We're coming off March Madness and, as The Washington Post notes, another type of "madness" associated with NCAA tournaments: vasectomy season.
As such, we thought it would make sense to provide a quick primer on vasectomies, including dismantling some popular myths and answering a popular question: What is a vasectomy like?
First, let's tackle the myths. Note: As with all content on Greater Boston Urology's blog, the following information is educational in nature, not medical advice. Always talk to your physician about your specific health care questions and conditions.
[Editor's note: This article was reviewed and updated on 5/18/21 with additional links.]
Myth #1: You'll make less testosterone.
FACT: A vasectomy will not change the amount of testosterone you make. Testosterone is made in the testes, and a vasectomy does not injure or damage them. Therefore, the amount of testosterone will stay the same.
Myth #2: You'll need to say goodbye to ejaculations.
FACT: You will still be able to ejaculate. In fact, sperm comprises only a small amount of ejaculate, so you are unlikely to notice the difference in the amount.
Myth #3: Your erections will change.
FACT: Vasectomy will not change your erections.
What is a vasectomy like?
A vasectomy is a permanent form of sterilization. It is a surgical procedure that is usually done in a urology office by a urologist. During the procedure, your urologist will clamp, cut, or seal the vas deferens from each testicle. (The vas deferens connects the testicles to the urethra; during ejaculation, sperm flows from the testicles through the vas deferens to the urethra.)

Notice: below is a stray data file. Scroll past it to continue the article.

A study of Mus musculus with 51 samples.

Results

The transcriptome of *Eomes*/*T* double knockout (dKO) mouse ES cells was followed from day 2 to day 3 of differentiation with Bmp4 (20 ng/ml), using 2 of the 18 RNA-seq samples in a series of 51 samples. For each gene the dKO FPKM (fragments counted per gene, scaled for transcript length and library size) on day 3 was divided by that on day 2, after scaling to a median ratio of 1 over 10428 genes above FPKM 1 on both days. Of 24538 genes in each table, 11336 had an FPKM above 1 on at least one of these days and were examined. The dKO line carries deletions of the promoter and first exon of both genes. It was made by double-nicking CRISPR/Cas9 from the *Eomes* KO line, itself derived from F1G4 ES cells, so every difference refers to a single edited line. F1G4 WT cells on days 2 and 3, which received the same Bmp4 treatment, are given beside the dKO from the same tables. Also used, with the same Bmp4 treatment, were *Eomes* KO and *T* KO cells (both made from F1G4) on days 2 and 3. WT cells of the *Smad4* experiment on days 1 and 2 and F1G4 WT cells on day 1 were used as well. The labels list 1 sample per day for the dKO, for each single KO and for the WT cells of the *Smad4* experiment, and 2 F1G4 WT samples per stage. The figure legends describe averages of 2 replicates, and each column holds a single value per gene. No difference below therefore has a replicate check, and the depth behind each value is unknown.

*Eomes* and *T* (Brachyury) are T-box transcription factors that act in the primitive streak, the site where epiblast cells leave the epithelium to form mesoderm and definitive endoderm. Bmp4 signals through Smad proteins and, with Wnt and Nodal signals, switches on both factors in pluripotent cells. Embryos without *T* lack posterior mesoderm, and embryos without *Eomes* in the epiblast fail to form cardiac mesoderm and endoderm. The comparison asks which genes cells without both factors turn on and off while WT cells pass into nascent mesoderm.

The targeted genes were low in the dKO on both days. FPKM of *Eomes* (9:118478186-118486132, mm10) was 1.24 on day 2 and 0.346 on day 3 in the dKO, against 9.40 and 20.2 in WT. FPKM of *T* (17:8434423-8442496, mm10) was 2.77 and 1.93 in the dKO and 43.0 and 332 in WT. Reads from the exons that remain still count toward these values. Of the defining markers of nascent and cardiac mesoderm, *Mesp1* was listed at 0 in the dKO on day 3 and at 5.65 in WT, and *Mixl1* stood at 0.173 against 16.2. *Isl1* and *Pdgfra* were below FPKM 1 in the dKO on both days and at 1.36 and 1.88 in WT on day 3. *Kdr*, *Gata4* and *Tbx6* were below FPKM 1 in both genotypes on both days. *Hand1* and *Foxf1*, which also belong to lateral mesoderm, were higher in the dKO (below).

A vasectomy takes about 20-30 minutes (about 10 minutes per side). The patient is usually awake, but your doctor will use a local anesthetic so there is no pain.
After the procedure, there is usually some minor swelling and bruising. This typically goes away in a few days. Your urologist will likely advise you to wear tight or supportive underwear to keep the swelling down. He or she will also likely advise you to avoid strenuous activities for a couple of days.
Based on our experience, most men prefer to spend those few days on the couch, which is often the reason why we do so many vasectomies on Fridays (and also probably the reason why the number of vasectomies goes up tremendously during March Madness).
After getting a vasectomy, you are not considered sterile right away since it can take several months before any remaining sperm is ejaculated or reabsorbed by the body. This means you need to use another form of birth control (e.g. condoms).
It takes about 2-3 months and at least 20 ejaculations to clear the sperm. After this time, we'll get a semen analysis to ensure there is no sperm left. Once the semen analysis is clear, you no longer need to worry about impregnating your partner.*
*Very rarely, the two ends of the vas deferens can spontaneously reconnect. But again, this is extremely rare. Vasectomies are 99.85% effective.
Interested in discussing a vasectomy with one of our urologists?